20 March 2017

Motley Fool argue that patient numbers may not be high enough if approval is granted by regulatory authorities in US & Europe

Here’s what they are saying..

GW Pharmaceuticals (NASDAQ:GWPH) is one of the top marijuana stocks on the market right now. Its share price more than tripled over the last 12 months. Wall Street thinks shares of GW Pharmaceuticals could surge another 25% or more over the next 12 months.

But all of the biotech’s past success and future hopes could evaporate if one specific thing happens, even if GW wins regulatory approval for cannabinoid drug Epidiolex — as many expect it to. Here’s what that one thing is, and how likely it might be.

Before we end the suspense, let’s first examine why GW Pharmaceuticals currently claims a market cap of over $3 billion. It’s certainly not because of the company’s one drug on the market, Sativex. The cannabinoid drug approved in several countries outside the U.S. for spasticity due to multiple sclerosis generated revenue of less than $7 million.

The intense interest in GW and the corresponding increase in its stock price stems instead from Epiodiolex. Three late-stage studies showed tremendous promise for the cannabinoid drug in treating two forms of epilepsy — Dravet syndrome and Lennox-Gastaut syndrome (LGS).

Both of these indications have relatively low patient populations. Somewhere between 14,000 and 18,500 children in the U.S. have LGS. Another 5,000 or so suffer from Dravet syndrome. These numbers reflect a U.S. market of up to 23,500 patients.

Analysts think that GW Pharmaceuticals will price Epidiolex (assuming it wins regulatory approval) between $30,000 and $60,000 per year. At the low end of that range, the biotech would be looking at annual revenue of more than $700 million in the U.S. If Epidiolex gains approval in Europe, the figure would be significantly higher.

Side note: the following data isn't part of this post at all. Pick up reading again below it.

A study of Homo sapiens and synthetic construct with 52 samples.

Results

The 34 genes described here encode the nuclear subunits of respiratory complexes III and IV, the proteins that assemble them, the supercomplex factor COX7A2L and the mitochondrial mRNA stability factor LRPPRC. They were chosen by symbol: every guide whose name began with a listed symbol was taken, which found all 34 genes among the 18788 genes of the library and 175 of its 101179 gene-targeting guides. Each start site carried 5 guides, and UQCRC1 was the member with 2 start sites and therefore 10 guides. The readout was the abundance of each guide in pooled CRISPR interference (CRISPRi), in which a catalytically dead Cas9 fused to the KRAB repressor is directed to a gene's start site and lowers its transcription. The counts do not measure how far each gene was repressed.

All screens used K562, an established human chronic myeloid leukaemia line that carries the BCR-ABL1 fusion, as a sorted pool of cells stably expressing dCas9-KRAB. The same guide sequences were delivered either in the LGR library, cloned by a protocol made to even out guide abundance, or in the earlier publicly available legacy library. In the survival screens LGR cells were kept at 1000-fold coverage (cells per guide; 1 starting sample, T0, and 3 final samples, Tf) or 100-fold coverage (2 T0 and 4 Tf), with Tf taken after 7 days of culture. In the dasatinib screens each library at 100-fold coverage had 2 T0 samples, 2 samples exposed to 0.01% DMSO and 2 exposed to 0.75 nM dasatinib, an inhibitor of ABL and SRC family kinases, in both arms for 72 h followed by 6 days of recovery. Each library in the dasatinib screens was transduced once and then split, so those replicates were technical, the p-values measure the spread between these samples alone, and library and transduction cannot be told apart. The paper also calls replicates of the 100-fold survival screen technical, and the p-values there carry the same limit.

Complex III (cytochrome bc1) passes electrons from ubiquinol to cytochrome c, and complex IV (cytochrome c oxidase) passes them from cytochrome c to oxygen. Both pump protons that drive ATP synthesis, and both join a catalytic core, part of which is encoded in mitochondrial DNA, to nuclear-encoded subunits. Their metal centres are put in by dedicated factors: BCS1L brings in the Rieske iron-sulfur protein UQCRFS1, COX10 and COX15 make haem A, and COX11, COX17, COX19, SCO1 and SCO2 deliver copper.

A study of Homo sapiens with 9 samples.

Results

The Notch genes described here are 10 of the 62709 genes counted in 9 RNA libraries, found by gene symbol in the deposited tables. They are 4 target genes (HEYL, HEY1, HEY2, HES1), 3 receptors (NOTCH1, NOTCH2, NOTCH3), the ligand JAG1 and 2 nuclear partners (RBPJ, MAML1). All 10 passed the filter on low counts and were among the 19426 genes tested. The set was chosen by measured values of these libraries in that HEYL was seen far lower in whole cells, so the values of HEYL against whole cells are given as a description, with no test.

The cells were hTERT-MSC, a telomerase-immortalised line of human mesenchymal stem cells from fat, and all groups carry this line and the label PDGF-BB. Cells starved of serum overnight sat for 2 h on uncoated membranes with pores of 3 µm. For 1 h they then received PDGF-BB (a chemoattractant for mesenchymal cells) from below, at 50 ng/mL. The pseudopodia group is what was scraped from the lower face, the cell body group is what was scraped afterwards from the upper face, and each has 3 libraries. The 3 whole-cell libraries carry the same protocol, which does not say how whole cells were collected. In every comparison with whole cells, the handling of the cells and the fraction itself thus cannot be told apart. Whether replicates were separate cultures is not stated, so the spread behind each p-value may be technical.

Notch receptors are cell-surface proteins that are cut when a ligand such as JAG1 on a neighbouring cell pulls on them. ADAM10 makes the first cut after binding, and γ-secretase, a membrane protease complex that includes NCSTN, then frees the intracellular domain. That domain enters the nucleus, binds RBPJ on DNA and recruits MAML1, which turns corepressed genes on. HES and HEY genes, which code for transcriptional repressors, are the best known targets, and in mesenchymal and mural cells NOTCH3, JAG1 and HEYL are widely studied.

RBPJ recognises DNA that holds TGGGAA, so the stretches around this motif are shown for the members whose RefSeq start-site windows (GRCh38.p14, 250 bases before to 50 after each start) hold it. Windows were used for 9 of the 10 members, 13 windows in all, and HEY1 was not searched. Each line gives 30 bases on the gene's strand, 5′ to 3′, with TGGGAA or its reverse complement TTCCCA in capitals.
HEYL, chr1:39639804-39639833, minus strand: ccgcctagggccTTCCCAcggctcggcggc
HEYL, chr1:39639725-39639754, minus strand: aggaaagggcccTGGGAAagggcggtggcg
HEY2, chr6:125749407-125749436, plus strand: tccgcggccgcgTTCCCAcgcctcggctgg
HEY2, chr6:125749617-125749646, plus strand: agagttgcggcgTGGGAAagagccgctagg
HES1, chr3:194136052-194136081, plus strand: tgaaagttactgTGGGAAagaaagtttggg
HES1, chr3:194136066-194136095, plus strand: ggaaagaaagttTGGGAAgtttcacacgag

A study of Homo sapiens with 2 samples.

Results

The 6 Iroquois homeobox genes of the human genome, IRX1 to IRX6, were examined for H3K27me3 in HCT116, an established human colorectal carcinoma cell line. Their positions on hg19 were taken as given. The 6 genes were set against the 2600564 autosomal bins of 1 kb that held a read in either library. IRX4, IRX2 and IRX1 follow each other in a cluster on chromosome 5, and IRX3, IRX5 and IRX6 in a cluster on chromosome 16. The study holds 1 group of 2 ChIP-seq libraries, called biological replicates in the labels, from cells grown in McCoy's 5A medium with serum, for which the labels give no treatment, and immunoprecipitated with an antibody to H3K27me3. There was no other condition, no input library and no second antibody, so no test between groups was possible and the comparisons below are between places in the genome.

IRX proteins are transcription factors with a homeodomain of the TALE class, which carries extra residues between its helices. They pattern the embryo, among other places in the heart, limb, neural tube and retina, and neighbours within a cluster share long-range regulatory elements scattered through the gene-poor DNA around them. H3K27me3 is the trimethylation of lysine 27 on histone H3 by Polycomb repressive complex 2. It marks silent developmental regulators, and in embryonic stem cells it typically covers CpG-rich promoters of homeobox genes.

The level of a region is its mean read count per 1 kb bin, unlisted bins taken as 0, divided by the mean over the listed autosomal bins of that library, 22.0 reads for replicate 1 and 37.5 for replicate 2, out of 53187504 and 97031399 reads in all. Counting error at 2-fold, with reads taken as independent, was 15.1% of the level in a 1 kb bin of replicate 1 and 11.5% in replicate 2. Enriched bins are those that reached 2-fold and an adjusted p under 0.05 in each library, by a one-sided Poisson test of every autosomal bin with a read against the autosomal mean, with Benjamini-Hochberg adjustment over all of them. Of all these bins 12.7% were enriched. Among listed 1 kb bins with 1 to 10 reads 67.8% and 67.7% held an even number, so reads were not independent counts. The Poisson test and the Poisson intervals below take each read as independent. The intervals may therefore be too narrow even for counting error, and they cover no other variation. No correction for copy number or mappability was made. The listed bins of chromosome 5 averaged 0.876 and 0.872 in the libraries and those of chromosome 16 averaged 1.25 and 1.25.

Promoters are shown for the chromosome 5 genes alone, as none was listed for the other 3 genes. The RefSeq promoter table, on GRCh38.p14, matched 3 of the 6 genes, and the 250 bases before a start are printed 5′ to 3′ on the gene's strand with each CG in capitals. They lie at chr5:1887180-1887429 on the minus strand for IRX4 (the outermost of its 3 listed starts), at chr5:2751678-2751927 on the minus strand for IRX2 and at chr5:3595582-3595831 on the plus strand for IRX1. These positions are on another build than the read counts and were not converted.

One decision away from meltdown

So, GW Pharmaceuticals’ current valuation depends on two things: winning regulatory approval for Epidiolex and convincing payers to cover the drug. The first objective seems very likely in my view. I suspect the second one will be achieved also. But maybe not.

Pharmacy benefits managers (PBMs) have been fighting back against high-cost drugs. Express Scripts (NASDAQ:ESRX) threw down the gauntlet in late 2014 by refusing to include Gilead Sciences‘ hepatitis C virus (HCV) drugs in its formulary and instead negotiating a lower cost with AbbVie for its HCV drug Viekira.

Now, imagine you’re the head of Express Scripts and along comes a new epilepsy drug that’s going to potentially cost you and other payers $700 million each year. At the same time, multiple companies sell cannabidiol (the active ingredient in Epidiolex) for a significantly lower cost than GW Pharmaceuticals plans to charge. What would you do if you wanted to generate more savings for your customers?

One option would be to refuse to cover Epidiolex at the sky-high prices and instead reimburse members who use “generic” cannabidiol from approved suppliers. Medical Marijuana, Inc. (NASDAQOTH:MJNA), for example, markets Real Scientific Hemp Oil through its HempMeds PX subsidiary. The product isn’t cheap, but it’s not too difficult to envision a scenario where a PBM like Express Scripts used a competing product like Medical Marijuana’s to either exclude Epidiolex or force GW Pharmaceuticals to drastically lower its price.

Such a move would shatter GW Pharmaceuticals’ market cap, which hinges on a premium price tag for Epidiolex. And this kind of decision could potentially come from a PBM or from any major payer.